Dreadlock race discrimination A Michigan bill to amend Michigan’s principal anti-discrimination statute to explicitly ban race-based hair discrimination, e.g., prohibiting discrimination based on hair texture and style, has stalled in the state legislature.

Specifically, Michigan House Bill 4275, also called the CROWN Act (an acronym standing for Creating a Respectful and Open World for Natural Hair), was introduced in the House of Representatives in February 2021. However, since then, the bill has yet to move through the Republican-controlled Judiciary Committee.

Michigan’s Elliott-Larsen Civil Rights Act prohibits discrimination in employment, education, and housing based on “religion, race, color, national origin, age, sex, height, weight, familial status, or marital status.”

The CROWN Act would amend Michigan’s Elliot-Larsen Civil Rights Act to add:

“Race” is inclusive of traits historically associated with race, including, but not limited to, hair texture and protective hairstyles. For purposes of this definition, ‘protective hairstyles’ include, but are not limited to, such hairstyles as braids, locks, and twists.”

A leading hair discrimination case illustrates the challenges facing employees. The case, EEOC v. Catastrophe Mgmt. Solutions, involved a black female job applicant whose offer of employment was rescinded under the employer’s grooming policy and after she refused to cut her dreadlocks. At the time, the employer, Catastrophe Management Solutions (CMS) had a grooming policy which read as follows:

“All personnel are expected to be dressed and groomed in a manner that projects a professional and businesslike image while adhering to company and industry standards and/or guidelines. . . . [H]airstyle should reflect a business/professional image. No excessive hairstyles or unusual colors are acceptable[.]”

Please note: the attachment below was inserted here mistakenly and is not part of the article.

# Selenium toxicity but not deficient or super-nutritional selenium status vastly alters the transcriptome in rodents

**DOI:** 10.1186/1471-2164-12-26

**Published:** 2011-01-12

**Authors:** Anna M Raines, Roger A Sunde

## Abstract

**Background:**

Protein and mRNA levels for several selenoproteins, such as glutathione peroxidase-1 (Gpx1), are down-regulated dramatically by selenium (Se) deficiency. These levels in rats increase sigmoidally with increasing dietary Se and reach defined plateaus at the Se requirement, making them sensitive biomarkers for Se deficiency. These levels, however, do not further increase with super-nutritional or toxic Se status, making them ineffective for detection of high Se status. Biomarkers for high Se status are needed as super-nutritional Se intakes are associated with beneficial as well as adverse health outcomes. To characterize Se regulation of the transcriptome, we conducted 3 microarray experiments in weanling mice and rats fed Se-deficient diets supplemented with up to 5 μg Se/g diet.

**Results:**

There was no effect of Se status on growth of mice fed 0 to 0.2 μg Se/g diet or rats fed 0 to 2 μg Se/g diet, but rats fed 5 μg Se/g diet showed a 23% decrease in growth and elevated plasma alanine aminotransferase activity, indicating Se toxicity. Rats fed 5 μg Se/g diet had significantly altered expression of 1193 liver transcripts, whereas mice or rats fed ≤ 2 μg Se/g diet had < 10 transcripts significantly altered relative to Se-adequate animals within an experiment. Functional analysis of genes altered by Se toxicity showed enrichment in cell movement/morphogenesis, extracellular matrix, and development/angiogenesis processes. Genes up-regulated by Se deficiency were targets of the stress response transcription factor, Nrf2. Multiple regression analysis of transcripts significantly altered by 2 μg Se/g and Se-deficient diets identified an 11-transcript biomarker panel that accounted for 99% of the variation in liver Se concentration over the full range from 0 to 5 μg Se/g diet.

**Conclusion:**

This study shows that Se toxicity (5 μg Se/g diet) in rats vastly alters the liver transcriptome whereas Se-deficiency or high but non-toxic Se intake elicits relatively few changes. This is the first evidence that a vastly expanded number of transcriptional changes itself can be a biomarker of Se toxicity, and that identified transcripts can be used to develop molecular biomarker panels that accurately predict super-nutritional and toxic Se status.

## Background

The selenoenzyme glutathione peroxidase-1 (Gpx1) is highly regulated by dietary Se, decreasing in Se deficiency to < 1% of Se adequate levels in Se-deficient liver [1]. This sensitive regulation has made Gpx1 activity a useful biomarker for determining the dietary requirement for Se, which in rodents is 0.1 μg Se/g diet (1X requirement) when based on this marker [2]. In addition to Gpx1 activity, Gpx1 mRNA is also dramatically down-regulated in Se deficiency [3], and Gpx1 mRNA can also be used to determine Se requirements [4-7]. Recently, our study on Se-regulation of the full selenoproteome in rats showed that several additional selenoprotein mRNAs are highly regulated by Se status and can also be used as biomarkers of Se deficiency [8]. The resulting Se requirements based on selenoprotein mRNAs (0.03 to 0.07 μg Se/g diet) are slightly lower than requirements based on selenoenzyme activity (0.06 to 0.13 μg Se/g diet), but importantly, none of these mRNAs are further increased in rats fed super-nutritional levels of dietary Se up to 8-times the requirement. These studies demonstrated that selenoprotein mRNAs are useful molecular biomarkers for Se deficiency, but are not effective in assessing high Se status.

The EEOC argued that the policy banning dreadlocks in the workplace constituted race discrimination because dreadlocks are a racial characteristic — they “are a manner of wearing the hair that is physiologically and culturally associated with people of African descent.” The district court disagreed and dismissed the case.

On appeal, the Court agreed with the dismissal, holding that while dreadlocks were a manner of wearing hair that was common for black people and suitable for black hair texture, they were not an immutable characteristic of black persons. And therefore, an adverse employment action based on a black hairstyle (a mutable choice) is not protected under Title VII. In 2018, the U.S. Supreme Court declined to hear the case.

Without legislation like the CROWN Act and because of cases like EEOC v. Catastrophe Mgmt. Solutions, employers will often be able to use guidelines that call for “professional” or not “extreme” looks to prohibit hairstyles that disproportionately lead to bias against black employees. Yet for many reasons employers should consult with their employment law specialists before implementing or enforcing such policies. Here are two reasons:

First, city and county governments may have explicit prohibitions against taking adverse employment actions relating to hair. For example, earlier in 2021, Ingham County passed – the first in Michigan – a resolution banning hair discrimination. Ann Arbor followed with its own ban against race-based hair discrimination.

Second, if a grooming policy is not properly implemented or enforced, then a company could be looking at defending a race discrimination lawsuit. This is what the defendants in Hyundai Motor and other defendants are facing after their motion to dismiss a discrimination lawsuit stemming from – in part – a black woman’s dreadlocks was partially denied. See Key v Hyundai Motor Mfg. (pending in Alabama District Court). There, the Court concluded in its August 2021 opinion that unlike EEOC v. Catastrophe Mgmt. Solutions, an alleged statement by a supervisor suggests that the enforcement of the anti-dreadlock policy, as applied to the plaintiff, was not solely about her hair—but was instead a proxy for her race.

Use this link to contact Michigan attorney Jason Shinn if you have questions about this article or complying with Michigan or federal employment laws. Since 2001, Mr. Shinn has represented companies and individuals concerning the issues discussed above and other employment matters under federal and Michigan employment laws.